Perhaps the biggest shock of all was the FA Cup success of Wigan Athletic. When the 3rd round draw was made, Wigan were 100-1 outsiders. Coach Roberto Martinez made it clear that the FA Cup would be used to give experience to his younger players and that Premiership survival was the number one priority.
His younger squad members took the opportunity with both hands and a quarter-final victory over Everton put them through to a Wembley semi-final. They were drawn against Millwall with the draw pitting holders Chelsea against Champions Manchester City. A comfortable 2-0 victory put them through to the final where they would start 9-1 outsiders.
Manchester City held off a late Chelsea rally to secure their place in the final and were expected to gain compensation for finishing second to rivals United in the Premiership title race. Wigan had not read the script and substitute Ben Watson produced a match-winning header in the dying moments to give the Latics their first significant domestic trophy.
Swansea had won plenty of admirers for their excellent season in 2011-12 but nobody expected them to progress to winning silverware in 2012-13. They had established themselves as a credible top ten side capable of beating the best but they had never won a trophy in their 101-year history.
By the time they got to Wembley to face Bradford in the final of the Carling Cup there was a certain inevitability about it. They outclassed their lower league opponents to win 5-0 but the shocks had been supplied earlier in the tournament. League Two side Bradford had eliminated Wigan, Arsenal and Aston Villa but the biggest shock came in the semi-finals.
Cup favourites Chelsea had defeated Manchester United and were drawn to play Swansea, the first leg taking place at Stamford Bridge. Swans boss Michael Laudrup masterminded a sensational 2-0 away victory to leave the Blues an impossible task in the second leg. They soaked up the Chelsea pressure and took both opportunities that came their way to stun the home supporters. That was the performance that won them the trophy and also raised the profile of Laudrup. He had been a surprise appointment in the wake of Brendan Rodgers’ departure to Liverpool in the summer.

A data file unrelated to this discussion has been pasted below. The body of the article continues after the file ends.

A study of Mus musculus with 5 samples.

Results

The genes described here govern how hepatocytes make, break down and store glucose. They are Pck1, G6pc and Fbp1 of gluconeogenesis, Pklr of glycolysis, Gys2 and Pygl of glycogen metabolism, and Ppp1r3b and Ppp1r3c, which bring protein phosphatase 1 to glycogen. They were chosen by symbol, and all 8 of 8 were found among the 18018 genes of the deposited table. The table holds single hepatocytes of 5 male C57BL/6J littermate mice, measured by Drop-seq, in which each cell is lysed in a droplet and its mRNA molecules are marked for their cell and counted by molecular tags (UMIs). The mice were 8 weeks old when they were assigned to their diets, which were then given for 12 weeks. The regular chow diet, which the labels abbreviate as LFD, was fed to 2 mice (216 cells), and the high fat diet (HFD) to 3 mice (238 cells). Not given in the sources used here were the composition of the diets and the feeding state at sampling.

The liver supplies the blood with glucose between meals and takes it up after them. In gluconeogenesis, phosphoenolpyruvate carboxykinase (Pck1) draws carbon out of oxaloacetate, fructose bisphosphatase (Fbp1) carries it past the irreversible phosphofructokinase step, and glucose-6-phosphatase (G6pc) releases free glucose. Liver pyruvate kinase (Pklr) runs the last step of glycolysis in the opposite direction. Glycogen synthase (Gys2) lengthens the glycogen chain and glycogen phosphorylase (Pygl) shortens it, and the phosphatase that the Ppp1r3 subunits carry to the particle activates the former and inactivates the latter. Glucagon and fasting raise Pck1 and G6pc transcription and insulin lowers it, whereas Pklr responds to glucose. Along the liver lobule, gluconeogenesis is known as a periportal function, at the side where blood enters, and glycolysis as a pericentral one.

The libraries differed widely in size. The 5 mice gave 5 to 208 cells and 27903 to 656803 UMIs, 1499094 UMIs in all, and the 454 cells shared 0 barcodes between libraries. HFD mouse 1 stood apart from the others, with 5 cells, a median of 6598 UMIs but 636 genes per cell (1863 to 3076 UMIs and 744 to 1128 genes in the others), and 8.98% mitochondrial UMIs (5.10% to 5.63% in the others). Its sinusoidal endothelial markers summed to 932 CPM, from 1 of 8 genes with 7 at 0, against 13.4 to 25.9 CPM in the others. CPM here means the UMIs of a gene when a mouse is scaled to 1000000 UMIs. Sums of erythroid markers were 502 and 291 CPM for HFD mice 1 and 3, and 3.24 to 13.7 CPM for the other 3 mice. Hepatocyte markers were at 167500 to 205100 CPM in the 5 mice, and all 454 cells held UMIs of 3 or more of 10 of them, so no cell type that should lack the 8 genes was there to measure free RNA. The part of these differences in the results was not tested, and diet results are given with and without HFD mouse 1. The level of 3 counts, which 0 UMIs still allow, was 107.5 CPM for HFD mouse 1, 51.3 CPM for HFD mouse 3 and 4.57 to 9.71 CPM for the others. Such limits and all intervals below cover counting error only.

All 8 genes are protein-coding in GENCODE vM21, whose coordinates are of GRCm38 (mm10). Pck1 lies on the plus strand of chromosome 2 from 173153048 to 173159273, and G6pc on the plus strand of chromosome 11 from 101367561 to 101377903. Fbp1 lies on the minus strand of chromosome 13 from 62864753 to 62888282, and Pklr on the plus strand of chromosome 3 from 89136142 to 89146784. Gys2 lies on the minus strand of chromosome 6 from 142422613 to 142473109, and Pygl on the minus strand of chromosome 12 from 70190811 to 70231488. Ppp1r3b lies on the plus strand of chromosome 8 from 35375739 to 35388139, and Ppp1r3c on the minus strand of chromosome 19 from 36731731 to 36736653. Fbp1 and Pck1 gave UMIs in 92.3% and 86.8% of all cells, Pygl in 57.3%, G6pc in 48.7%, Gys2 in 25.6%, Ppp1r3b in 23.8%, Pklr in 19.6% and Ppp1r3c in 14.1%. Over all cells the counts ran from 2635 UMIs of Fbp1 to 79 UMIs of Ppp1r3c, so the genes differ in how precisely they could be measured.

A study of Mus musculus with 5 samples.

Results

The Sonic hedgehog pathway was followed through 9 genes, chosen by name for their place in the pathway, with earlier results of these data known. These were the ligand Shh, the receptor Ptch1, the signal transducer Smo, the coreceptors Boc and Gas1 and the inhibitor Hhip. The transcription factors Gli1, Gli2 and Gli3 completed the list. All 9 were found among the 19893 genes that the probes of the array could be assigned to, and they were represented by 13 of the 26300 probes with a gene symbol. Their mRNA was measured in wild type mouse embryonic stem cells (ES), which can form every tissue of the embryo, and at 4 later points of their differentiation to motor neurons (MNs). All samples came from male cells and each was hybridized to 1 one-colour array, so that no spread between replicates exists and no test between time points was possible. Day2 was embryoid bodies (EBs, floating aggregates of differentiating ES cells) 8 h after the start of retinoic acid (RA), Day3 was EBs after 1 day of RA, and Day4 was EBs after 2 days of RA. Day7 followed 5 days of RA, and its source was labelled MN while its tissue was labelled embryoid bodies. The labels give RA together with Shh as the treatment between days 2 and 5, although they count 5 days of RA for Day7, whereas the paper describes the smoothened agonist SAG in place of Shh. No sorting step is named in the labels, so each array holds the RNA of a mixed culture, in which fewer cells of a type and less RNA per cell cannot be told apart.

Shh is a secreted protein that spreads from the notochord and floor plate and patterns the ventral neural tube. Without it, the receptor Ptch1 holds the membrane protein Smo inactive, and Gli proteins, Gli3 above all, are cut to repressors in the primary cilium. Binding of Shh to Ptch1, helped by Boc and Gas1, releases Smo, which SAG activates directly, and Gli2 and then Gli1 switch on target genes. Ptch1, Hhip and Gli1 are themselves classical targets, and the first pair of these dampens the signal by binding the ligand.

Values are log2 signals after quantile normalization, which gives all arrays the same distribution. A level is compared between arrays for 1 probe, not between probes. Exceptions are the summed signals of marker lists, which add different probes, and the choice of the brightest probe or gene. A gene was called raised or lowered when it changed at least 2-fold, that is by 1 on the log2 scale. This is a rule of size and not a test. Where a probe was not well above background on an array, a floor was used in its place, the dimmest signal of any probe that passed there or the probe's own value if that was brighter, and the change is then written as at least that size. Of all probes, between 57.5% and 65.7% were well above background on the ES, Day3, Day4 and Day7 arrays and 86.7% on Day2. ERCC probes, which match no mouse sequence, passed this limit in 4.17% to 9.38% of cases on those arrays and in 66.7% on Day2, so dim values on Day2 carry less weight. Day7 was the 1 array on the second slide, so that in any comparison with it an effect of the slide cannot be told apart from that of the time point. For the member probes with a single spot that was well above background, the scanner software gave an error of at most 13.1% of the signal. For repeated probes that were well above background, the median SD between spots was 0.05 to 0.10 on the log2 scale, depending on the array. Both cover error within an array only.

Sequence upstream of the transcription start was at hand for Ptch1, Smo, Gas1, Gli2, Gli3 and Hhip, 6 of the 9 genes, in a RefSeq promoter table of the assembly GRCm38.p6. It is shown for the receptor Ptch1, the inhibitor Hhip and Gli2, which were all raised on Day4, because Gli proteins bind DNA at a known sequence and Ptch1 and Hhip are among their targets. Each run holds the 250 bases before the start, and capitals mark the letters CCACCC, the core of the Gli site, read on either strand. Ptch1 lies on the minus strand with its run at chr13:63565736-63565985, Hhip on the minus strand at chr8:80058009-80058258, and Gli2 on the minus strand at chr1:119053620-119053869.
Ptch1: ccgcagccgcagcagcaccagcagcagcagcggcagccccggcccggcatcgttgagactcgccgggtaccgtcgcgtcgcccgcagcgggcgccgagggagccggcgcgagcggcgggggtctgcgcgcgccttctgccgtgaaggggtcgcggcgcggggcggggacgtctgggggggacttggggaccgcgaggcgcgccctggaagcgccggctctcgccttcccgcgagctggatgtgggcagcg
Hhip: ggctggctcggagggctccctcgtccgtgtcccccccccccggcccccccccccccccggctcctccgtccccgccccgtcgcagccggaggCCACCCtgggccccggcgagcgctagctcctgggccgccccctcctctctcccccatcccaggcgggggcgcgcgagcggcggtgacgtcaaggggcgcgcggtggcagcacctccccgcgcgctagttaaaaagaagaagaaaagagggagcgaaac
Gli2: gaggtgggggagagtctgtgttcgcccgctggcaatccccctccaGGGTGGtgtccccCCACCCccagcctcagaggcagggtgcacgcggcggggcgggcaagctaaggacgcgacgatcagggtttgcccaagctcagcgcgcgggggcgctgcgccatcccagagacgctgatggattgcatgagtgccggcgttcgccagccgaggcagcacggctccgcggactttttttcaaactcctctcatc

It was not a surprise that Atletico Madrid won a trophy so much as that it was the Copa del Rey at the expense of rivals Real. The shock came in a bad-tempered final as Real finished the game with ten men as 14 yellow cards were dished out.
The defeat proved to be a “last hurrah” for José Mourinho and his three-year reign at the club. He was also sent to the stands as Cristiano Ronaldo saw red. With Mourinho rumoured to be returning to Stamford Bridge, it was ironic that his side were denied by two superb saves from Thibault Courtois who is currently own loan from Chelsea.
The defeat also meant that Mourinho would end his final season at Madrid without a trophy. He was quoted as saying “This is the worst season of my life. A Super Cup, a semi-final, a runner-up. For many coaches that would be a good year. For me it is the worst!”
To put the victory in perspective for Atletico, they had not beaten Real in their previous 25 meetings. Real Madrid had won the last ten encounters and looked comfortable when Ronaldo headed them in front after 13 minutes. Atletico fought back to grab an unlikely 2-1 victory.
The 2013 Scottish League Cup Final was won by St Mirren after they defeated Hearts 3-2 in the final. St. Mirren finished 8th in the Scottish Premier League and entered the League Cup in the second round. They secured victories over Ayr United. Hamilton and Aberdeen before facing Celtic in the semi-finals. They produced the shock of the tournament at Hampden Park to defeat the Cup favourites 3-2 and set up a final clash with Hearts. Another 3-2 victory game them their first trophy since the 1987 Scottish Cup victory.
AZ Alkmaar had been one of the major disappointments in the Dutch League. Having been expected to challenge for a top four spot, they spent much of the season languishing in the lower reaches of the division.
Their opponents in the Dutch Cup final were PSV Eindhoven who led the Eredivisie title at the winter break before throwing away a winning lead against Ajax. AZ Alkmaar went to Rotterdam in good form with three victories in four games but they had suffered a 3-1 loss against PSV in a dress-rehearsal of the final. Jozy Altidore had been one of AZ’s success stories and he capped a fine season by scoring in a 2-1 victory. AZ raced into a 2-0 lead and held off a PSV fight back to secure the trophy.